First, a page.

How to Handle Addiction Recovery When You're an Introvert


Sober Recovery Expert Author

Recovery can be difficult if you’re an introvert. While you were in addiction, you may have numbed your natural shyness and reticence with drink and drugs. But now you can’t do that anymore.

Though it may not seem like it from the outset, being an introvert can actually help your recovery. Here are some tips to help you use your introverted nature to your advantage.

If you're an introvert, you might find recovery especially difficult. You may have covered up your introversion by drinking and drugging, but now you can use your introversion to enhance your recovery efforts.

1. Accept yourself.

The first thing you need to do is stop seeing your introversion as a burden. That’s what drove you to your habit in the first place. Accept the fact that you feel awkward, inadequate and nervous around people, and that you might just prefer to be alone. Don’t pretend to be an extrovert. Only by being fully yourself can you benefit from recovery. Your therapist can help you with self-esteem and self-acceptance issues. Once you’ve peeled off the layers of deceit and embraced your authentic self, you’ll have no problem cutting yourself from family and friends who urged you to use so you could be less boring to them.

2. Seek social contact.

Joining a support group enables you to listen to others’ experiences and view your own recovery more objectively. But this could be extremely daunting if you’re an introvert. You’ll hate having to stand up and volunteer personal information to complete strangers. It’s bad enough just driving to the meeting. But you can take things slowly. You could start off by simply watching people go in and out of the meeting from the parking lot. Then one day when you’re ready, you can enter the meeting.

Many programs allow you to simply listen in at first and then gradually work your way to opening up about yourself as part of the healing procedure. But you still have the option of declining to talk. When you decide to open up, start with a few positive things about your life. Once you’re more familiar with the group and have made some friends, you can graduate to talking about the more challenging aspects of your life.

If physical meetings are in no way to your liking, you could try online chat rooms and meetings as another option. These outlets allow you to interact meaningfully with other recovering addicts without being physically present with them in a room. Reading blogs by other introverts in recovery can also be helpful because they often illustrate problems from their own recovery that you can use as solutions in your own.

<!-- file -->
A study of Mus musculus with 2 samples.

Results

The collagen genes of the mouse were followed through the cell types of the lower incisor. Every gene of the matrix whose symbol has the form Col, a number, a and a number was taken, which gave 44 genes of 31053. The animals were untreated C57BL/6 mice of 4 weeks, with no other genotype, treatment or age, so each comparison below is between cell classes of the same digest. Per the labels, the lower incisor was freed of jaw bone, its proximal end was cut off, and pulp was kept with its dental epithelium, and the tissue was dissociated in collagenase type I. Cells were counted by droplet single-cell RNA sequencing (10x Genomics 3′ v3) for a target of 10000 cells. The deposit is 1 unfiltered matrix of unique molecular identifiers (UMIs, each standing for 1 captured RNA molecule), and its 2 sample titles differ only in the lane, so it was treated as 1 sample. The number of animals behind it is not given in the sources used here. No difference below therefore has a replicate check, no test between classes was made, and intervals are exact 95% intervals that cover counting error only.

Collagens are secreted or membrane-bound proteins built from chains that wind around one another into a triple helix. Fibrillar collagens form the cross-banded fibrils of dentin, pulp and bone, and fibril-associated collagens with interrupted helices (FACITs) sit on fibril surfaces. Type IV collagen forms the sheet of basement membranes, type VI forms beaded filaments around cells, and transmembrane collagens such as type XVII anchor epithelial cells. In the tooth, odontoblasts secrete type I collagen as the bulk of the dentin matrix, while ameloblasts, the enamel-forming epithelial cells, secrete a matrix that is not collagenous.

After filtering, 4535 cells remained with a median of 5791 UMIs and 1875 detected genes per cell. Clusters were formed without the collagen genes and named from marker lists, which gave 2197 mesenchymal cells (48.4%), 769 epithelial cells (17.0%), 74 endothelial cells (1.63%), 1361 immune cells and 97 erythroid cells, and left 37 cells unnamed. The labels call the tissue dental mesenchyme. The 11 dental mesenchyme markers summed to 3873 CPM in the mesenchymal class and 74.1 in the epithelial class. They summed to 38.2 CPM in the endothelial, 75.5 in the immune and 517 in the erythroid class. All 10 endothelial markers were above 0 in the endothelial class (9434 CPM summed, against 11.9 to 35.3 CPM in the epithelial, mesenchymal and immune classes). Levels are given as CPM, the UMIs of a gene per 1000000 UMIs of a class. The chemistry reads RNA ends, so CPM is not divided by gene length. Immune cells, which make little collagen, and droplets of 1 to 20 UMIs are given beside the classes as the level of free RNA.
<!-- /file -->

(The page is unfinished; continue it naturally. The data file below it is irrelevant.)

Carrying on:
3. Gravitate towards other introverts.

Recovery meetings attract a variety of personalities, including other introverts. You can connect with a few of them and swap ideas on how best to open up at these meetings. These could be the best friends you make. You can learn how they socialize without first being high. And you can pass on your new skills to incoming introverts who are struggling to fit in just as you once did.

4. Turn self-reflection into an advantage.

As an introvert, self-reflection and meditation come naturally to you. You’re used to quietly watching people and situations, mulling things over and thinking up solutions. Nobody does it quite like you. Recovery calls for this kind of skill. With it you’re less likely to give up easily and revert to your old habit because you’re prepared to look for new solutions each time. It’s a technique worth sharing with others at your meetings.

5. Find a sympathetic counselor.

One-on-on counseling works well for you as an introvert, especially if your counselor understands you and if he or she is also an introvert. This person will help you work on your self-esteem and will provide other means of support, including steering you towards meetings with other introverts. In fact, research shows that everyone who is in recovery benefit considerably from receiving professional help[1]. If you're looking for a nearby counselor or therapist, we do offer a list of nearby counseling an therapy centers to help you in your search.

Many people turn to drugs and alcohol to escape their introversion, only for it to return when they become sober again. But introversion has its advantages and when these are applied together with some social interaction, they can actually enhance rather than derail your sobriety.


1. Introverts Can Struggle with Addiction Too. Accessed online on January 2017.